Brown first learnt to steer on one of the toughest skeleton tracks in the world in Latvia. (Supplied)
A Queensland skeleton-racing athlete has set his sights on making the Winter Olympics despite living in a beachside town more than 10,000 kilometres away from the nearest training track.
Sunshine Coast man Elliot Brown, 28, discovered the sport three years ago, and within six months was in Europe tackling the toughest tracks in the world.
But with training facilities lacking in Australia, the paramedic student had to find other alternatives to train and is now preparing to use virtual reality to achieve his Olympic dream.
‘The most exhilarating seconds of my life’
Skeleton racing sees a person ride a small sled, face first, down a twisted frozen track at speeds of up to 140 kilometres an hour.
Despite the high risk of injury and error Brown, a former triathlete and track cyclist, was looking for a new challenge and decided to try out the daring sport after a former coach suggested he transition to a winter event.
“So I looked it up, I went to a camp where we did testing, and literally three weeks later after being selected for the Australian squad I found myself in Latvia,” he said.
“The Latvian track is recognised as the second hardest track in the world, and I remember walking down it for the first time and thinking ‘wow, am I actually going to slide on this?’
“That night I had my first run and I remember my coach at the time just saying ‘don’t try and do anything!’ as I literally had no idea how to even turn.
“But going down it was one of the most exhilarating 45 seconds of my life.
“That’s where I learned the sport and fell in love with it.”
Chasing an Olympic dream
Before long Brown set his next goal as qualifying for the 2022 Winter Olympic Games in Beijing.
But as one of less than ten athletes training in the sport in Australia, facilities are limited.
“A challenge of being on the coast is not having a track in Australia and not having enough facilities to train,” he said.
“Other countries that don’t have a skeleton track have push tracks which help you, at least, work on your start. It’d be great if we have one of those, but unfortunately we don’t.
“The only other alternative is very costly as you have to travel to places like Europe to access a track.”
Virtual reality rescue
Luckily for Brown, an interactive media developer from the University of the Sunshine Coast offered a solution using virtual reality technology.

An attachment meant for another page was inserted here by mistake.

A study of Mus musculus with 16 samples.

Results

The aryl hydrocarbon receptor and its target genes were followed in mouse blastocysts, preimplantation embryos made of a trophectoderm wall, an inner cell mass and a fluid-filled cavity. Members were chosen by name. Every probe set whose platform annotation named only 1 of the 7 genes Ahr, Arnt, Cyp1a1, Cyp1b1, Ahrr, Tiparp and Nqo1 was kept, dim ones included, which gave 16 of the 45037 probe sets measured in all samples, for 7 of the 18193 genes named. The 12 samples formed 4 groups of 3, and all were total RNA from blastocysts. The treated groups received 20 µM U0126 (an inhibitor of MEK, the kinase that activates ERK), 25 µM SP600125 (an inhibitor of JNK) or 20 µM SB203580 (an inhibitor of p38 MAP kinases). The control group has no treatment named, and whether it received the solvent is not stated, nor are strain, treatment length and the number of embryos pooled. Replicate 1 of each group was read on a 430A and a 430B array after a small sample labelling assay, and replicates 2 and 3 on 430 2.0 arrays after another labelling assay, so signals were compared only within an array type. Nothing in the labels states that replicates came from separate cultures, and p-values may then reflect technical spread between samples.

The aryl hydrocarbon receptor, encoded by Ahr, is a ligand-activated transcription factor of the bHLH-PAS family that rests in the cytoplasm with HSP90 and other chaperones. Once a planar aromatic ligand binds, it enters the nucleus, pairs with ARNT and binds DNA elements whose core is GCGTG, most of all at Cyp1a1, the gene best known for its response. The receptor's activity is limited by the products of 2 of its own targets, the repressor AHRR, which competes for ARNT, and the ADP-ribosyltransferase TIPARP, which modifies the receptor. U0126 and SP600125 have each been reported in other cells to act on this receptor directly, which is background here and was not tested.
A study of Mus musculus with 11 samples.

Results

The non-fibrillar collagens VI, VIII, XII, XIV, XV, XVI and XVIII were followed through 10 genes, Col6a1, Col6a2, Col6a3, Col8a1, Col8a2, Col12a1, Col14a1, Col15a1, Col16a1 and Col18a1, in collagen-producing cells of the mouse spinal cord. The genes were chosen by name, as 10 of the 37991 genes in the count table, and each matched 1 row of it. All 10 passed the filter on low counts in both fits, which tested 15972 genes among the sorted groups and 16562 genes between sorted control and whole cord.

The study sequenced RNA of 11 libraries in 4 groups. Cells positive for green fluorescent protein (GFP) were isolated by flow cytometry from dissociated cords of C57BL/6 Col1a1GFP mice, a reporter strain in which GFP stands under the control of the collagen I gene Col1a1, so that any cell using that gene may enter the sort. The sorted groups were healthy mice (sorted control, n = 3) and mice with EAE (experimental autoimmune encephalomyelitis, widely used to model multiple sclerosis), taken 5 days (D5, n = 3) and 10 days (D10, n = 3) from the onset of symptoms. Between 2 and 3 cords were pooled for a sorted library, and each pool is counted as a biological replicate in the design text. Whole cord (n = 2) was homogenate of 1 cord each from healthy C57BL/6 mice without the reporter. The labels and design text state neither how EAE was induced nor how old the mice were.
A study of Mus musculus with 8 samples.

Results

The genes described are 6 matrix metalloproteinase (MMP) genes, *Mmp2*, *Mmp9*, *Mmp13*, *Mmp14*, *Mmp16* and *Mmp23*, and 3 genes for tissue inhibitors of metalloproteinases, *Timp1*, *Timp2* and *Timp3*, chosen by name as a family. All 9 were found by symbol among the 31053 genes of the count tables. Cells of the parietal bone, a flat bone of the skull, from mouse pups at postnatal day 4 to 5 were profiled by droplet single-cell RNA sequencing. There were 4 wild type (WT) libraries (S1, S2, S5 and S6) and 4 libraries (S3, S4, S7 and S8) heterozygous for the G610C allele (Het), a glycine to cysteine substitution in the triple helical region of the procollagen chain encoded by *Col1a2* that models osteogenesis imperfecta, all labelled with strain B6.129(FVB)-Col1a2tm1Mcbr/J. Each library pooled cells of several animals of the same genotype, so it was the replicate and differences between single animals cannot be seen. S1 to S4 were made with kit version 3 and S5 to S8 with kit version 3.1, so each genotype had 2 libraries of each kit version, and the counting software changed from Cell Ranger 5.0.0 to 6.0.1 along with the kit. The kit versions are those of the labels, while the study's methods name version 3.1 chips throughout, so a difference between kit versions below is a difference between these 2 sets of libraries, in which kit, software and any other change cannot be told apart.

“Skeleton is one of the sports that we’ve looked at with Elliot so that he can set up a video recording from a head-mounted point of view that allows him to control the sled as he’s going down the track,” USC’s Jason Riddell said.
“And this is what we are hoping to put together fully this year, with a couple of our USC students, to create a full app for Elliot to train.”
Elliot Brown wearing a virtual reality headset to practice skeleton racing. (Supplied: Jason Riddell)
Brown said the technology will be a gamechanger for his training.
“Before I was doing a lot of visualisation in my room on my sled, just working through the track in my head, and after a visit to the VR lab I saw that there might be an application to integrate virtual reality into my training,” Brown said.
“They were able to put a track inside a headset which gives me the visual element to my training that I was lacking.”
VR enhancing sport, medicine, tourism
According to Mr Riddell, virtual reality is being utilised in a variety of sport training and even separate tourism and medical fields.
USC interactive media develop Jason Riddell is working to create a virtual reality app to help Elliot Brown train in skeleton racing. (ABC Sunshine Coast: Tara Cassidy)
“There is a lot of research coming out around the use of virtual reality within headsets in hospitals, health care, rehabilitation, sports enhancements, and also in entertainment tourism,” he said.
“The opportunities are endless. But sport is definitely an area where we are seeing it a lot to help enhance athlete training.”
Mr Riddell said the USC team hope to have the app completed this year to help see Brown’s Beijing Olympic dream become a reality.
“We’ve only ever qualified one male for each of the Games we’ve had, so it would be great to try and get some Australian sliders in the top 30 to make the games for the 2022 Olympics,” Brown said.
“My goal is to make that team and be able to represent Australia overseas.”